Tech entrepreneurs who for years were reluctant to wade into the public stock market have been jumping in lately with both feet.
As their shares outperform, newly public tech companies have been returning to the market to sell more stock at a nearly unprecedented clip. About 44% of the so-called follow-on stock offerings from U.S.-listed technology companies in the first 10 months of the year have come within 180 days of an initial public offering. That would be the second-highest yearly percentage since Dealogic began collecting data in 1995.
In a sign of the big pops tech companies have come to expect, they are selling just 17% of themselves on average in IPOs this year, the smallest proportion on record.
Technology shares that debuted on U.S. exchanges this year are up 22% on average through the end of October. That compares with a 1.4% rise in the S&P 500 and a 9.9% gain for tech shares in the index. New issues are outperforming even after tech shares were hit the hardest in the recent market turmoil. The Nasdaq Composite tumbled about 10% in October from a recent high and had its worst month in 10 years.
Overall, proceeds from share sales this year by already-public tech companies are the highest they have been since 2000. But the speed with which newly public companies have been able to return to the trough at higher prices shows how ravenous investors have been for new offerings from Silicon Valley and the outsize business-growth potential the IPOs bring.
“Even though there’s been a shift among investors toward more defensive parts of the economy, people still believe in the tech sector, particularly in software, that growth will be strong,” said Colin Stewart, managing director and vice chairman in global capital markets at Morgan Stanley .
Entrepreneurs spent years shunning the public markets in favor of a robust vein of cash available privately. But in 2018, for many companies the rewards of public ownership became too attractive to ignore.
Driven by a torrent of tech offerings from the likes of Dropbox Inc. and Spotify Technology SA, it has been the busiest year for U.S.-listed IPOs by number of deals and proceeds since 2014, with 212 companies raising $57 billion—including 50 technology companies that raised $19.7 billion.
Even as stocks have swooned, a number of companies have proceeded with IPO plans. Enterprise-software company Anaplan Inc. priced its IPO at the high end of expectations on Oct. 11 and the shares are up roughly 40% since then.
Next year could be even bigger for IPOs, as some of the largest startups that have been waiting in the wings, like ride-hailing service Uber Technologies Inc. and data-mining specialist Palantir Technologies Inc., gear up for their own debuts.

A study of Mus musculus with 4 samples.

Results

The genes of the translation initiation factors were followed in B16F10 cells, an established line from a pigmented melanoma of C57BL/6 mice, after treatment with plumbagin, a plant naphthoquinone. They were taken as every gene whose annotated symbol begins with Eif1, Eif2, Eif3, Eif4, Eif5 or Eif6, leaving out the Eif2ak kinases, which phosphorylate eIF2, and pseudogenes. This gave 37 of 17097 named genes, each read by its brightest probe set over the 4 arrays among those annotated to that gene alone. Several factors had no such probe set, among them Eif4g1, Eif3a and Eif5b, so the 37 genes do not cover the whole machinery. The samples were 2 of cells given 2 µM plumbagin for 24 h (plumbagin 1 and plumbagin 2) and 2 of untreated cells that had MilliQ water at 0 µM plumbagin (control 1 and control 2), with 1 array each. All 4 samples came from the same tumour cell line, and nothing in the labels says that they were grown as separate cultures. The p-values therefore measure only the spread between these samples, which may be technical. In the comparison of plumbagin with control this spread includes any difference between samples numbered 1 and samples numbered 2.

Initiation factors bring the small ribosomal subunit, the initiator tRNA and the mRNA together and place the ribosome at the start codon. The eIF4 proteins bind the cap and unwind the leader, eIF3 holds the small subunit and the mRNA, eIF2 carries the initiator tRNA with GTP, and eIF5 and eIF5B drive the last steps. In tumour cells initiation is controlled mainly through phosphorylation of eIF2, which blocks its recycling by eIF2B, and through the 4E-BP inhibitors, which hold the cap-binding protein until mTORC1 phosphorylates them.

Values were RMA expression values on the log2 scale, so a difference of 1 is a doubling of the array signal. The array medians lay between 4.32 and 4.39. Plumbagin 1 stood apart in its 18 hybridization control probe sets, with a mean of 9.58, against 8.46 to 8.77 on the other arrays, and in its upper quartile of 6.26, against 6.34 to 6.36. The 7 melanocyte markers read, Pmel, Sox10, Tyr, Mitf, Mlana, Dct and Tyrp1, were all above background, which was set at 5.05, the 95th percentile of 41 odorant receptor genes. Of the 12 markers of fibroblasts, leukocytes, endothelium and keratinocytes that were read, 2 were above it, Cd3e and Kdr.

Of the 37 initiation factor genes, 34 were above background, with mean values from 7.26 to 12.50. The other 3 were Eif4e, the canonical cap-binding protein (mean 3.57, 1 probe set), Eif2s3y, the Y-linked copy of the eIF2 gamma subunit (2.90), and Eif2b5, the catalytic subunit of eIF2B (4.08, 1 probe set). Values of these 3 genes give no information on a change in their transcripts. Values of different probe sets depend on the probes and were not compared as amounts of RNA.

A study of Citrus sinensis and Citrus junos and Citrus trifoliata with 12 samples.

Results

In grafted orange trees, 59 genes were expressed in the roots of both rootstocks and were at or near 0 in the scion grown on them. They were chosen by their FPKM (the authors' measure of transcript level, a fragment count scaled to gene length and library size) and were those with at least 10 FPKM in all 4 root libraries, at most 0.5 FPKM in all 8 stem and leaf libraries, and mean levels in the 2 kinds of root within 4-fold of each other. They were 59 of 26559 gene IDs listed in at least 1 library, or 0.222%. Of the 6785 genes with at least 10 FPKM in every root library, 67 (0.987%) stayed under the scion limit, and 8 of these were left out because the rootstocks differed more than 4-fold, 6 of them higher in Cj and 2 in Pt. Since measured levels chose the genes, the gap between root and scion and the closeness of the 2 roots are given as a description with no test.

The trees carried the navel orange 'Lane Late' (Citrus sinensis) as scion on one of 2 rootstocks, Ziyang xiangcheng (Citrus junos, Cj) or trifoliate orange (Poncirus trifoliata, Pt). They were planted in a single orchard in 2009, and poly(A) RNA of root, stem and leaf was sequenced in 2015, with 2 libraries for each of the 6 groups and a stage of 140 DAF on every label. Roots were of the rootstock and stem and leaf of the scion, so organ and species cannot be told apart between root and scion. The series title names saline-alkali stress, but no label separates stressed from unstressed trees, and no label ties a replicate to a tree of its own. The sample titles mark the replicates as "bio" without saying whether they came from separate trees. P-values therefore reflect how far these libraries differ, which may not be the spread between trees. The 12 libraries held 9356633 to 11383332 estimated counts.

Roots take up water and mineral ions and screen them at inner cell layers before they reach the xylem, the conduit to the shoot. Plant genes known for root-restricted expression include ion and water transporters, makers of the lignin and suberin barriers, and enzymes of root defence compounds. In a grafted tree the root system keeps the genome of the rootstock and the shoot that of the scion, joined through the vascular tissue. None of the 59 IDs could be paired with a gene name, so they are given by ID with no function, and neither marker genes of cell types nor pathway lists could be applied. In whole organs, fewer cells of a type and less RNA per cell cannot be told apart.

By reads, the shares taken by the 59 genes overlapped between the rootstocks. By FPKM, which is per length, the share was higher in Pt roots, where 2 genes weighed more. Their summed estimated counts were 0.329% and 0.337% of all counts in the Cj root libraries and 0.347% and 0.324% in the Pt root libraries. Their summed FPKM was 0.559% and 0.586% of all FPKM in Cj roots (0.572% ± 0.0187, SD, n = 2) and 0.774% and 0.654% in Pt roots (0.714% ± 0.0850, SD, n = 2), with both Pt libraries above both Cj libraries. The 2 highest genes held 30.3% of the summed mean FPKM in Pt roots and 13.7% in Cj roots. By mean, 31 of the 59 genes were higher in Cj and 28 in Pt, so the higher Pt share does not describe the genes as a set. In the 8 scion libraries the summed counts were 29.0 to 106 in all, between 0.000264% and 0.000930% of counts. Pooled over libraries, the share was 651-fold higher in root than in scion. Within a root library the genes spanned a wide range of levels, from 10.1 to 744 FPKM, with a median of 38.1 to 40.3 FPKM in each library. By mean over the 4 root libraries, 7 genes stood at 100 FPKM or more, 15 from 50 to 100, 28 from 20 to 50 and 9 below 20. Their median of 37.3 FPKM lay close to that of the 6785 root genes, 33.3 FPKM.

“Tech IPOs are still a scarce asset class,” said Chris Cormier, head of technology equity capital markets for the Americas at UBS Group AG. “Investors are looking for the next-gen name to own for the next three-to-five years.”
Should recent market declines continue, at some point it would likely take a bite out of the outperformance of tech-IPO shares and halt the parade of new issues and follow-ons. Some investors had already been warning that the red-hot IPO market, powered by money-losing tech startups, was due for a correction.
“We’re making disciplined investment decisions,” said Corey Shull, an analyst who looks at both private and public tech investments for fund manager T. Rowe Price Group Inc. Just because a company is selling more shares “doesn’t mean we have to buy more.”
The strong performance of newly public tech companies has made follow-on offerings and other deals like convertible-bond sales and mergers more attractive, said Byron Deeter, a partner at venture-capital firm Bessemer Venture Partners. “The going-public story has become more compelling all around,” he said, adding: “The cool factor of staying private forever is diminishing.”
Take DocuSign Inc. The electronic-signature-software company raised private capital at a valuation of $3 billion in 2015, and it was unclear if public markets would value it as high. But when DocuSign went public in April, the company sold shares at a better-than-expected price that valued it at $4.5 billion. By September, that had jumped to $8.7 billion, and key investors chose to sell another slug of stock for $443 million. The company, which sold just 16% of its shares in the IPO, now has a market capitalization of $6.7 billion.
Strong post-IPO performance has almost become an article of faith on Wall Street, spilling over into the M&A market, which is also surging—particularly for tech companies.
Some tech bankers said they have been advising clients who might be entertaining a possible sale alongside their IPO preparations to go public first because they are likely to get more in a takeover by waiting as little as a few months.
SendGrid Inc. went public in late 2017, raising $151 million in an IPO that valued the cloud-based communications-platform provider at $672 million. Less than six months later, SendGrid was valued at $1.05 billion and sold an additional $180 million in stock to public investors. Last month, SendGrid agreed to a roughly $2 billion all-stock sale to Twilio Inc., which went public in 2016.